Sanskrit quote nr. 33 (Maha-subhashita-samgraha)
अकलियुगमखर्वमत्र हृद्यं व्यचरदपापघनो यतः कुटुम्बी ।
मम रुचिरिह लक्ष्मणाग्रजेन प्रभवति शर्मदशास्यमर्देन ॥
Meter name: Puṣpitāgrā; Type: Akṣaracchanda (ardhasama); First and third pādas: 12 syllables; Second and fourth pādas: 13 syllables
Primary English translation:
“My interest is in the elder brother of Lakṣmaṇa (Rāma) who destroyed the ten-faced monster (Rāvaṇa) by which happiness will come in as much as he led a householder’s life, resplendent without any sin attached, pleasing and full as if it were not the kaliyuga (iron age).”
(translation by A. A. Ramanathan)
Presented above is a Sanskrit aphorism, also known as a subhāṣita, which is at the very least, a literary piece of art. This page provides critical research material such as an anlaysis on the poetic meter used, an English translation, a glossary explaining technical terms, and a list of resources including print editions and digital links.
Kaliyuga (कलियुग) refers to the fourth of the four yugas, or “cyclical ages”. According to Vedic hinduism, the evolution and devolution of humanity is concentrated in cycles, called yugas, which are like the seasons of a year. There are four yugas in a mahāyuga, consisting of 4,320,000 years. We are currently in the kali-yuga, which lasts for 432,000 years. (more info)
Pāpaghana (पापघन, papaghana) is a compound that translates to “evil sinners”. It is composed of the words pāpa (‘wickedness’) and ghana (‘killers’).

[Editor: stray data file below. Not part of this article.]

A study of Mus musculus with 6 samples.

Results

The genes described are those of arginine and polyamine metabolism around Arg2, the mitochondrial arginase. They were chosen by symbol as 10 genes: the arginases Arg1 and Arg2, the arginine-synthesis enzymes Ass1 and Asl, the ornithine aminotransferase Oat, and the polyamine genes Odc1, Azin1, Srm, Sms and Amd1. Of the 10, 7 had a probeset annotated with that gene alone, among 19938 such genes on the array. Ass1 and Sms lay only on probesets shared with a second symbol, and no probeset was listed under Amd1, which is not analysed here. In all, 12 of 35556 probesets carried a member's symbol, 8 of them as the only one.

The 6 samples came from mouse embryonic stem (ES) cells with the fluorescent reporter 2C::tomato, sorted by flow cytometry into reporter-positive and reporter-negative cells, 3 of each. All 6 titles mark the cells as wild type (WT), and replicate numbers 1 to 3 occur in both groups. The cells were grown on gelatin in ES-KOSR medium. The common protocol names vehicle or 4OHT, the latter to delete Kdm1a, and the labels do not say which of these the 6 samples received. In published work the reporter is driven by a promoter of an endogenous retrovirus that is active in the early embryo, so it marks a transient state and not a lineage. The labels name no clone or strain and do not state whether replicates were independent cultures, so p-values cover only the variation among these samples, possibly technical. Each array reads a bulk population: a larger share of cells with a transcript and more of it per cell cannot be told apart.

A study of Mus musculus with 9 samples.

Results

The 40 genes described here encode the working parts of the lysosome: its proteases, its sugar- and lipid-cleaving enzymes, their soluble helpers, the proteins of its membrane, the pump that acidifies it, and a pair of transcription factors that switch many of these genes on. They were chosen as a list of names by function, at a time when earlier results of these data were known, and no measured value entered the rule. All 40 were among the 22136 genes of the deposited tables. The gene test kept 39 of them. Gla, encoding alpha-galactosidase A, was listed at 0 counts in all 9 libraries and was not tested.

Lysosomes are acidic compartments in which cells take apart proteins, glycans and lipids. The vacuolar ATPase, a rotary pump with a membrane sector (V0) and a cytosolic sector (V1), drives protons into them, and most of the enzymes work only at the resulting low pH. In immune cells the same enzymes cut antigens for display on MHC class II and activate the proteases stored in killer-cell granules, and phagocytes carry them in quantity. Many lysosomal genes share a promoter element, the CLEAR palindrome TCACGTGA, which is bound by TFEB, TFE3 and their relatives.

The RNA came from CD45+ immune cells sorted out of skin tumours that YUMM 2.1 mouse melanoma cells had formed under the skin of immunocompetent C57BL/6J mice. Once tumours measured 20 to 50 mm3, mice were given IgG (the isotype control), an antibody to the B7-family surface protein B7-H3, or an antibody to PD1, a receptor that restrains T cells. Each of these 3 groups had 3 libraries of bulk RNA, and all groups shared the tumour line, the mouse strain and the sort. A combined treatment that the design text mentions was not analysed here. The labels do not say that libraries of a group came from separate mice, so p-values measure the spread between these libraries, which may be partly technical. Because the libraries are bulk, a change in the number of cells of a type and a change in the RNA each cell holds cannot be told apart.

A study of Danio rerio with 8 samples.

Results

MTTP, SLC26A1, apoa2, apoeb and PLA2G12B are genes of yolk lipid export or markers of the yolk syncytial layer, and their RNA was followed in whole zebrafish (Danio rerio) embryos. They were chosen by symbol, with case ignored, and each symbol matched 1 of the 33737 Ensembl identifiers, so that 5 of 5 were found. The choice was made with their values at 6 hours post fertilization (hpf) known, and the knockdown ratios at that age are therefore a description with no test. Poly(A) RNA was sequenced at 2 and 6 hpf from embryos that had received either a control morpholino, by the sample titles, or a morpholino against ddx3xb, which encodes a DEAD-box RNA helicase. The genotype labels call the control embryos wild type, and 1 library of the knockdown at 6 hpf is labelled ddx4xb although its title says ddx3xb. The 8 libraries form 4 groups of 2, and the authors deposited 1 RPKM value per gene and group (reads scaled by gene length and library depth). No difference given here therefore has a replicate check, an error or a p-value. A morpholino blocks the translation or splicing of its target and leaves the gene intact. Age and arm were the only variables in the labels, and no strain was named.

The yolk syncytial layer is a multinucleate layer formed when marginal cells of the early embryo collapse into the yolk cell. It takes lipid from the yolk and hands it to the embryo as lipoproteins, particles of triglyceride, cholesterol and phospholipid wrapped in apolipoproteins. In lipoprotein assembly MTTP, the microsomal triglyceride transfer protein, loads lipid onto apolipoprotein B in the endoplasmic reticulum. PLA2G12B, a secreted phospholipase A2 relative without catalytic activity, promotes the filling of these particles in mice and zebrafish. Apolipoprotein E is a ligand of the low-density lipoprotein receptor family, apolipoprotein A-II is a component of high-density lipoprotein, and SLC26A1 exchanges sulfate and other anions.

Kuṭumbin (कुटुम्बिन्, kutumbin) refers to a “householder” (metaphorically, ‘one who takes care of anything’)
Ruci (रुचि) translates to “splendour”, “light”, “lustre”. (more info)
This quote is contained within the following Sanskrit literary sources:
Rasikarañjana 5: Literally, ‘the delight of the rasikas’. This is a poetic text characterised by enantiosemy (a word with multiple antonimical meanings). It is a relatively short work consisting of 17 prakaraṇas (chapters). The verses are composed in a variety of different meters. The book was written by Rāmacandra in 1524.
This quote is included within the Mahāsubhāṣitasaṃgraha (महासुभाषितसंग्रह, maha-subhashita-samgraha), which is a compendium of Sanskrit aphorisms (subhāṣita), collected from various sources. Subhāṣita is a genre of Sanskrit literature, exposing the vast and rich cultural heritage of ancient India.
It has serial number 33 and can be found on page 6. (read on archive.org)
Sanskrit is the oldest living language and bears testimony to the intellectual past of ancient India. Three major religions (Hinduism, Buddhism, Jainism) share this language, which is used for many of their holy books. Besides religious manuscripts, much of India’s ancient culture has been preserved in Sanskrit, covering topics such as Architecture, Music, Botany, Surgery, Ethics, Philosophy, Dance and much more.